By Gillian Meier
There has been a lot of controversy around Google's many updates - such as Google's Hotel Finder - that have significantly impacted the travel and hospitality industry over the past two years. Hotels are crying out against the latest Google Hotel Finder while travel agents seem to be enjoying the spotlight that their businesses are receiving.
Comparison sites thrive
If we look back a few years one can remember a time when shopping comparison sites used to thrive due to the prime spots that they held on Google's natural Search Engine Results Pages (SERP's). For many years these comparison sites were receiving top rankings for their customers' (e-commerce and online retailers) products on their websites. E-commerce sites provide feeds of their online catalogues to the shopping comparison sites who would in return charge the online retailer a cost-per-click for the referral traffic that they sent their way.
Comparison sites dive
With the launch of Google Shopping and Google Panda updates in February 2011, many (not all) comparison sites were hit badly due to duplicate and poor content penalties. Comparison sites that were hit saw a dramatic drop in their search traffic overnight. Some comparison sites reported a loss of up to 80% of their organic (natural) Google visitors directly impacting on their revenue models and ultimately costing them their businesses.
What does this have to do with the travel industry?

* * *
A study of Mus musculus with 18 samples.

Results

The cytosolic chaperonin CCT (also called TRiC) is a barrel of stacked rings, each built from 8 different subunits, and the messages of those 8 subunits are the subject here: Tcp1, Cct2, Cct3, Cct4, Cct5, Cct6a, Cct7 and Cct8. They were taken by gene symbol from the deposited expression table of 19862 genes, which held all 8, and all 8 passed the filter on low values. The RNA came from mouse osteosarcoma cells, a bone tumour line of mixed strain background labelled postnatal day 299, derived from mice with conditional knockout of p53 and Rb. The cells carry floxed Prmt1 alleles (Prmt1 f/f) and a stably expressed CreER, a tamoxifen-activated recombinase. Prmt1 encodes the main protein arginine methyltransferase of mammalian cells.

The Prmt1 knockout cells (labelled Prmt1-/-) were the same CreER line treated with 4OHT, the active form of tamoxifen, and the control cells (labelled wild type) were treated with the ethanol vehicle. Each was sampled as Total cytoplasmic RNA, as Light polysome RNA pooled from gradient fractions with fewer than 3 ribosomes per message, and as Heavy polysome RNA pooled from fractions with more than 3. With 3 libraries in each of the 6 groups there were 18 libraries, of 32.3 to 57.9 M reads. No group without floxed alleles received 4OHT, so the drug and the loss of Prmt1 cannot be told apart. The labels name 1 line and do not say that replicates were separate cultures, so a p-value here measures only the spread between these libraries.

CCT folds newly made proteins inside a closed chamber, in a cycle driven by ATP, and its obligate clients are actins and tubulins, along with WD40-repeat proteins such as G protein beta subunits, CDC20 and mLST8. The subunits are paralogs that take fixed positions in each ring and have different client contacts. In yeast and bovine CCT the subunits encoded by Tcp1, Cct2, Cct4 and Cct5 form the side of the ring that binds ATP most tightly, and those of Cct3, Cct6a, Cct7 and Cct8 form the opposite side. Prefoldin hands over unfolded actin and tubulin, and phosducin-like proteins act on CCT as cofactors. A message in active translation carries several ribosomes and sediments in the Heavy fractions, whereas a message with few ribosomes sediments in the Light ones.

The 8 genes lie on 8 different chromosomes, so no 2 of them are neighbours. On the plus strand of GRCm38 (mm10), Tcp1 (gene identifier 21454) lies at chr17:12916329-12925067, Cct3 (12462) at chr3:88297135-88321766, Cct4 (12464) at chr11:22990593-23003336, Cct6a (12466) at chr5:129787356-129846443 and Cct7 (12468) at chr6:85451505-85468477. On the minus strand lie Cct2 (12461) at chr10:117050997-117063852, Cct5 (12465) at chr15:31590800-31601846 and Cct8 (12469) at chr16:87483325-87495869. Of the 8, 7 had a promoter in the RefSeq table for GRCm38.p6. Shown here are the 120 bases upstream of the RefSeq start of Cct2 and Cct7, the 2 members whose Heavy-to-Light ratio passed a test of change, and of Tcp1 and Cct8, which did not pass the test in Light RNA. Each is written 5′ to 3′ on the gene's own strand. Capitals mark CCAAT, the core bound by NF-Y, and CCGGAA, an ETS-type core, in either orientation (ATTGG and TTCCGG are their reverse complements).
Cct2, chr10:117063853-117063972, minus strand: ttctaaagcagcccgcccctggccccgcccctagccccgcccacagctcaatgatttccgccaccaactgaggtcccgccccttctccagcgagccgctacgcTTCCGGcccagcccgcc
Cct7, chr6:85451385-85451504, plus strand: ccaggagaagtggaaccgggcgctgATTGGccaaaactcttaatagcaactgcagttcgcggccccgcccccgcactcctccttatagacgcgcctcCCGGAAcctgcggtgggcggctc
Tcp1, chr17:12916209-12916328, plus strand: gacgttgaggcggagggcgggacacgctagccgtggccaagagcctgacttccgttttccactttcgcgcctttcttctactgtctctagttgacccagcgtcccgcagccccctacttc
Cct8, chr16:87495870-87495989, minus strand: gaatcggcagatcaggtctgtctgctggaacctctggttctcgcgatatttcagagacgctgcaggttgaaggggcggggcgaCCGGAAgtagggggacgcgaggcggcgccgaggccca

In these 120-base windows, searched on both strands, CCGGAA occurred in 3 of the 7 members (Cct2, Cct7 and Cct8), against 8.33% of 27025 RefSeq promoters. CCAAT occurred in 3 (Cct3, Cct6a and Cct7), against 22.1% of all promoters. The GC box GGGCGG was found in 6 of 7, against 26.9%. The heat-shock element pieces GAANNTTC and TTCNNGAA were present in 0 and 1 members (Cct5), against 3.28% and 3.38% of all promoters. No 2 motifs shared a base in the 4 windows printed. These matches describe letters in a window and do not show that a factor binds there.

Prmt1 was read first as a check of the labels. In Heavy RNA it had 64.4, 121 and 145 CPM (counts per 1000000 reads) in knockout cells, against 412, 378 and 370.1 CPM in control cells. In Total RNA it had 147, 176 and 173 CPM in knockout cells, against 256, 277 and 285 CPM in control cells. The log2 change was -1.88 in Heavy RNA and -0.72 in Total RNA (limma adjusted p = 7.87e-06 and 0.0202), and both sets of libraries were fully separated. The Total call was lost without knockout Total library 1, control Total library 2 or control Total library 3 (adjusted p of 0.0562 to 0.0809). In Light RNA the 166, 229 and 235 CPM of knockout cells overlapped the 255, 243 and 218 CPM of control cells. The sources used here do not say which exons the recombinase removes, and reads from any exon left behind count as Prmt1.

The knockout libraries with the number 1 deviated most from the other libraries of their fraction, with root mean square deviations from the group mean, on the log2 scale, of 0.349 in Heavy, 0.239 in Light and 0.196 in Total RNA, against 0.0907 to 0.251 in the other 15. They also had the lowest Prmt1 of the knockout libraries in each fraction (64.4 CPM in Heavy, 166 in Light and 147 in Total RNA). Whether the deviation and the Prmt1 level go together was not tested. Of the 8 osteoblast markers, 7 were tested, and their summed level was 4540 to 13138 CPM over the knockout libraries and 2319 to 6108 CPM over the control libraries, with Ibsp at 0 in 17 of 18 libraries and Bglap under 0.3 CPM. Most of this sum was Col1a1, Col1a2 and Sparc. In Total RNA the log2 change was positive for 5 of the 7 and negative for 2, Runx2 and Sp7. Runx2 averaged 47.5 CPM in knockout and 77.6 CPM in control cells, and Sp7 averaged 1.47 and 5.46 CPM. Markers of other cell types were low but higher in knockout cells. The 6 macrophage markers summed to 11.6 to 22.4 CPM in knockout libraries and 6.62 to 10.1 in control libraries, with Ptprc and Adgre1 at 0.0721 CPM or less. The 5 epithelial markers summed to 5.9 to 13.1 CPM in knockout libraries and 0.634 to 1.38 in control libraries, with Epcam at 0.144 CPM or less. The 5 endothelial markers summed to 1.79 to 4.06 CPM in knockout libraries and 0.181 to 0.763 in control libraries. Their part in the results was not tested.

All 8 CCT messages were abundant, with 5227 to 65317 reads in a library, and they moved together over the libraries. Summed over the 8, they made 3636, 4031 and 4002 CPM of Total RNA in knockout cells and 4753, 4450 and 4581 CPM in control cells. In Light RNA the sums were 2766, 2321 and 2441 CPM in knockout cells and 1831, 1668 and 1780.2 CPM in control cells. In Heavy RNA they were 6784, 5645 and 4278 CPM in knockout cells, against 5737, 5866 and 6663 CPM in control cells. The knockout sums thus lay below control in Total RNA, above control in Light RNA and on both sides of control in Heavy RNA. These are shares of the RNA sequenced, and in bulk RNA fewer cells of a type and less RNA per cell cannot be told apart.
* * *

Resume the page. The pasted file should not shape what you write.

At the end of last year Google announced that its new product, Hotel Finder (www.Google.co.za/hotels) went global. Google's Hotel Finder is a search tool designed to make it easier for people to compare hotels for their trips with features such as location filters (and drawing shapes on maps), dates, price and both user and hotel ratings. Simply put, Hotel Finder is a travel comparison platform where Google decides which hotels or travel agents will rank highest for local hotel-related search queries. When searching for a hotel, users are given results matching their criteria and filters selected. When clicking on a specific hotel listing the centre window displays the hotel's information together with a big red booking button.
How does Google decide who should rank highest on Hotel Finder?
Hotels that have been enjoying top rankings on Google's organic results have started to see a huge decline in their traffic coming from Google since the launch of Hotel Finder. Travel aggregators who used to rank well are also seeing an impact on their revenue (much like the shopping comparison sites did after the launch of Google Shopping and the many subsequent Panda updates).
Can hotels pay their way to the top of Google's Hotel Finder Rankings?
Whilst Google always strives to give the user the most relevant results in response to a search query it is also in the business of making money. I am not suggesting that you can pay Google somehow to get better rankings in the organic (natural) SERP's, Hotels will soon be able to make use Google's Promoted Hotels tool. Just like Google AdWords, where you can bid on a keyword to come up in the sponsored listings, Promoted Hotels works in much the same way. It allows advertisers (both hotels and online travel booking agents) to bid on particular properties in order to see them featured on the top of the search results on Hotel Finder. These advertisers will be featured in the top two to four spots in the shaded area in the search results for a particular property, with the winning bid listed as the only available booking channel.
Printed with full permission from the author.